I was sceptical (not a typo, I’m British). Who wouldn’t be? I’d invested literally hundreds of hours into my sequencing pipeline which depended almost entirely around GATK and even recently re-tooled to accommodate the sweeping changes brought by GATK 2.0 and it’s great, truly. However….
I had been enviously eyeing up MuTect for quite some time, as it was always built from the ground-up to serve one of the purposes I am currently knee-deep in; finding mutations in tumour-normal pairs. To be clear, I mean comparing sequencing data from a tumour samples with a normal sample from the same patient. On the other hand, I gather GATK has its roots in GWAS studies and has always been more population-focussed.
The problem we’re all wrestling with currently – which, by it’s very nature, is never going away – is intraclonal heterogeneity, the idea that cancers are not monocultures of billions of copies of the same cell, but are highly heterogeneous mixes of potentially thousands (millions?) of individual clones, all of which are descended from (probably) one originator cell. These clones compete with one another for resources in their niche and are effectively locked in an arms-race with one another, as well as with the host body. Cancer patients are not facing a single entity, but a legion of cells that reinvent, mutate and transfigure themselves in the best Darwinian tradition.
As it stands, sequencing data isn’t a great read-out, as it’s produced from DNA pooled from thousands of tumour cells. Even if you use a low-starting-amount protocol and had 50 ng of tumour DNA with no amplification steps, that’s still:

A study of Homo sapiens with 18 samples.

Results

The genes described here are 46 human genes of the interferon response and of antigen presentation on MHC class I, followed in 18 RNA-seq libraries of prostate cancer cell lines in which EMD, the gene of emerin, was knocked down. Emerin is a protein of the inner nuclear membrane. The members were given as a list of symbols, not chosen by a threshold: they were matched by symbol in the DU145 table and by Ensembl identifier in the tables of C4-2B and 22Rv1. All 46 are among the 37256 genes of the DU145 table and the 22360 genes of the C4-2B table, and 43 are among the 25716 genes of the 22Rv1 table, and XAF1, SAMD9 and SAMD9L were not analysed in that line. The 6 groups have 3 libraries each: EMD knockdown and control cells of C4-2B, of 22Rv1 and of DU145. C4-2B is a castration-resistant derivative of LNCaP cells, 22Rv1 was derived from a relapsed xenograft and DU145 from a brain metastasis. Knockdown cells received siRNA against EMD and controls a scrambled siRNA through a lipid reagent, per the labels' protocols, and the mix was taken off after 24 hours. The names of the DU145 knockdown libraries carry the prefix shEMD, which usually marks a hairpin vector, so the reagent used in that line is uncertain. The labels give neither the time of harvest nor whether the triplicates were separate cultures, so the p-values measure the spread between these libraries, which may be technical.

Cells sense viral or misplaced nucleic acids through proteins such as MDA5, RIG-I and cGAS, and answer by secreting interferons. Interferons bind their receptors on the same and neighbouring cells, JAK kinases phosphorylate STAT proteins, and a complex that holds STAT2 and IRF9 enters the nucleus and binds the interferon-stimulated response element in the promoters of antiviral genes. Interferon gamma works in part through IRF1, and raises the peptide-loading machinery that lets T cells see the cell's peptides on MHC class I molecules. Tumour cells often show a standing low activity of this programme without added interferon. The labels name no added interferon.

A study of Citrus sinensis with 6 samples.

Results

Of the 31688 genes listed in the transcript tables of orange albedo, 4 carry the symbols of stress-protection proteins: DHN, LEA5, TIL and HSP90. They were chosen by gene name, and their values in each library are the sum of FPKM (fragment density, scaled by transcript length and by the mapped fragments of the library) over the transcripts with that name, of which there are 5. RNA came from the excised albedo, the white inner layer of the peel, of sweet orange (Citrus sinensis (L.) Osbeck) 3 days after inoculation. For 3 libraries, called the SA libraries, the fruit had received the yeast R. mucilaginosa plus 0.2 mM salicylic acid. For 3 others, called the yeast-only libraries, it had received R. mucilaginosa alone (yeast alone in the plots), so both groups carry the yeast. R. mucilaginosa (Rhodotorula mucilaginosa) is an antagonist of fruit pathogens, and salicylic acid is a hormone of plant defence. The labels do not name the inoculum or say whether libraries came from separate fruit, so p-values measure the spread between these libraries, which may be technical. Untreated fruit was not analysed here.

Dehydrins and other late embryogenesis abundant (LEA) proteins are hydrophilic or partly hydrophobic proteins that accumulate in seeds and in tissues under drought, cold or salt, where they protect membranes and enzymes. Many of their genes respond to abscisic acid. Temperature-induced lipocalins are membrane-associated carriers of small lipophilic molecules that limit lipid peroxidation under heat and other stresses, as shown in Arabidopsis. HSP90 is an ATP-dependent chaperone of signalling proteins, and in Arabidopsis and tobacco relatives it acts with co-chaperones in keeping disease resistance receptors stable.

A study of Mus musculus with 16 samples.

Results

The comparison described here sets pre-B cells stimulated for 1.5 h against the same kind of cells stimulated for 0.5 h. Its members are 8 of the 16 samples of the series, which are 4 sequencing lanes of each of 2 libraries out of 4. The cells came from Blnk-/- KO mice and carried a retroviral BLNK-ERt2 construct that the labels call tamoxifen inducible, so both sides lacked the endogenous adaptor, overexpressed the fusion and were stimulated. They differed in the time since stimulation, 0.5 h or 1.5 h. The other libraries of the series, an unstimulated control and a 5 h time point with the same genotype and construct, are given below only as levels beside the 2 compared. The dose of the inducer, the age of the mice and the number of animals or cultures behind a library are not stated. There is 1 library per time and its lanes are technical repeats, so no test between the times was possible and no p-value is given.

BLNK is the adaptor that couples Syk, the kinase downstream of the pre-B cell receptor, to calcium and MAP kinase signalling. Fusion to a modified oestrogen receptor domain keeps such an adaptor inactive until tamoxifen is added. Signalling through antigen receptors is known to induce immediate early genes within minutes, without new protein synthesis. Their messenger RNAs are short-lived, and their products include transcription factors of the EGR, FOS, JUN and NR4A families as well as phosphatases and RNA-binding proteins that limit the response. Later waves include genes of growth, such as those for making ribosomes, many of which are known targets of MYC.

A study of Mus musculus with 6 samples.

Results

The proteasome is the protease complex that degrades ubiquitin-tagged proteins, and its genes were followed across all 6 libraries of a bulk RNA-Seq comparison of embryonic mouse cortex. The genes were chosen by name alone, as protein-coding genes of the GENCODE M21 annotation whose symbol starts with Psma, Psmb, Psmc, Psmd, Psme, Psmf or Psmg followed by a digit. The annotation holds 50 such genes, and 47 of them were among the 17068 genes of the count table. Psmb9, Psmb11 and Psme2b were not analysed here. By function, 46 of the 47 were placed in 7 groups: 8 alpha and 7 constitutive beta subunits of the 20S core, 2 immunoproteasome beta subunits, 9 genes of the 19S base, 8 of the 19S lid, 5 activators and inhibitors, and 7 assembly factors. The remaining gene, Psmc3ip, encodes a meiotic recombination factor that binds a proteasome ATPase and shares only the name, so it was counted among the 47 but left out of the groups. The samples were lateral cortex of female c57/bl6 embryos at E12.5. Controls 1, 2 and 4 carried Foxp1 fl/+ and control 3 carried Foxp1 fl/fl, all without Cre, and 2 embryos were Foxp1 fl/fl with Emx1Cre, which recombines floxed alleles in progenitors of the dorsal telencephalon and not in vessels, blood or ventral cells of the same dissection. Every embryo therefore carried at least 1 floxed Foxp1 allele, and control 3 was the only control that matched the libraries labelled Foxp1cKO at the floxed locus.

50 ng / 6 pg (DNA content of a single diploid cell) = >8000 cells
I guess if these cells are from a monocellular and therefore easier to purify population of cells (as is the case for myeloma – you can isolate tumour cells by selecting for CD138+ cells), that’s not terrible news; but what if your sample is a solid tumour? Who knows what kind of structural heterogeneity you need to contend with?
Still, your sample is “bulk DNA” and is a sampling of potentially thousands of separate genomes compressed into a single readout. I’m sure I’ll post more on the subject at a later date, but for now let’s say that it’s a definite issue.
In a homogeneous population of cells, SNVs (single nucleotide variants) will be present in all cells, but this will not be the case in a heterogeneous population of cancer cells. MuTect’s real power lies is its ability to detect these subclonal mutations. The detection is limited mostly by the depth of the sequencing, with quickly diminishing returns – supplementary table 1 in the MuTect paper does a good job of illustrating this, particularly if you turn on conditional formatting in Excel to turn the table of values into a heatmap. Everybody loves conditional formatting!
MuTect’s output is not without issues, but I’ll discuss further filtering of the output next time.
Finally, it’s worth noting that YES, MuTect does output in VCF format… it’s just undocumented. If you ask very nicely in their forums, the authors will help you.